Small Production Pinot Noir in a People-Pleasing Style

Today’s Story: Little Boat

Little Boat is a very small winery in Sonoma, California, however there isn’t much information about them that I could find. They did come onto my radar last year though, when I happened to meet proprietor José Ignacio Cuenca at a Los Angeles restaurant and we struck up a friendly conversation and discussed his wines. I also had the pleasure of meeting his son Mateo, who created the artwork on the Little Boat labels. Little Boat is a group effort, and José works with winegrower Brad Alper, winemaker William Knuttel, Mike Miller, and the Treyzon family. They also receive help from sommeliers Harley Carbery, Phillip Dunn, Lucas Payá, and Robert Smith MS. Little Boat produces a range of wines including most notably a Russian River Valley Chardonnay, a Russian River Valley Pinot Noir, and a Dry Creek Valley Cabernet Sauvignon. There is also a rosé and very limited quantities of a reserve Pinot Noir. Placement of these wines is highly selective, and they are generally found in high-end hotels and restaurants or highly curated and boutique wine stores.

Today’s Wine: 2018 Pinot Noir

100% Pinot Noir; 14.5% ABV

The 2018 Pinot Noir is medium ruby in color. Straight out of the bottle, I wasn’t getting much on this besides some heat from the alcohol so I let this open up in the glass for about 45 minutes to an hour. The aromas are of medium intensity, with the nose showcasing notes of black cherry, plum, licorice, leather, baking spice, vanilla, and toasted oak. The heat never really blows off. Meanwhile the flavors are also of medium intensity, and the palate displays notes of strawberry, black cherry, red plum, leather, green herbs, chocolate, and baking spice. Alcoholic heat carries over to the palate as well. This dry red is medium-bodied with medium (+) acidity, medium (-) tannins, high alcohol, and a medium length finish. While not my preferred style at this stage, hopefully it becomes better integrated and more complex with a few more years in the bottle.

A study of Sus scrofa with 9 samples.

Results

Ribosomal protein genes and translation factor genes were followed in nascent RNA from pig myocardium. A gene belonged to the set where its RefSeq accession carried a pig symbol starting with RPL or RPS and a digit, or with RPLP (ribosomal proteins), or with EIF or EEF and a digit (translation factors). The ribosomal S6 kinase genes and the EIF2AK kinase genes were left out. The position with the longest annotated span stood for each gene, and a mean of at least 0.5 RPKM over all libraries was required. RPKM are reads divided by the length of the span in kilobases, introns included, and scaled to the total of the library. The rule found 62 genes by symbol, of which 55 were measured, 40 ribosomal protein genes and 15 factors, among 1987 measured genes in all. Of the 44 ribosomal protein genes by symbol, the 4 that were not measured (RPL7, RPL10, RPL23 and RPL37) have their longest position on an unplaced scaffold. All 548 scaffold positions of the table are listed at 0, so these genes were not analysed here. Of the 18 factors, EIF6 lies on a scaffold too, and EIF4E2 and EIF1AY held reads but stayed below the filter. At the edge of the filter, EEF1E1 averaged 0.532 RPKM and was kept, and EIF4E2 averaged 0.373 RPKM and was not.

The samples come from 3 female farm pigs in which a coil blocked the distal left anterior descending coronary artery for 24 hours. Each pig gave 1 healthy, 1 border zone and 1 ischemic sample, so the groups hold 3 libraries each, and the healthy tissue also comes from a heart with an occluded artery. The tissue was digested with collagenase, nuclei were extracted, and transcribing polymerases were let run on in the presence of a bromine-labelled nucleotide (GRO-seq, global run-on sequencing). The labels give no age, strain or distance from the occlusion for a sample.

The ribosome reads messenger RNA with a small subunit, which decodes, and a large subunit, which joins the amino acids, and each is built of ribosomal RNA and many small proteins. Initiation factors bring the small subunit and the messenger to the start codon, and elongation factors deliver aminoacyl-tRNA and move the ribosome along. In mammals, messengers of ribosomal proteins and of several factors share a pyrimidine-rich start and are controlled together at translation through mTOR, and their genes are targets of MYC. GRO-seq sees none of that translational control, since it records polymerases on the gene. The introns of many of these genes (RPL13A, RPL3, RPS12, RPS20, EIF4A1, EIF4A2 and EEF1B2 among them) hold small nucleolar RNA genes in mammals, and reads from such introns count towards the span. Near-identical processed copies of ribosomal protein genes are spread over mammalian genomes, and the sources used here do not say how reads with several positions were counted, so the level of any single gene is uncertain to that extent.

Price: $36. At this price-point I think the wine offers solid value but it still needs some time to come together in the bottle. For me, even though this is young I find it somewhat jammy and it seems heavy-handed in the winemaking process. Personally I prefer very terroir-driven Pinot Noir made in a minimally invasive style, though I think this wine could have broad appeal. The alcohol is a bit too high for me as well, so I’ll be looking for it to integrate.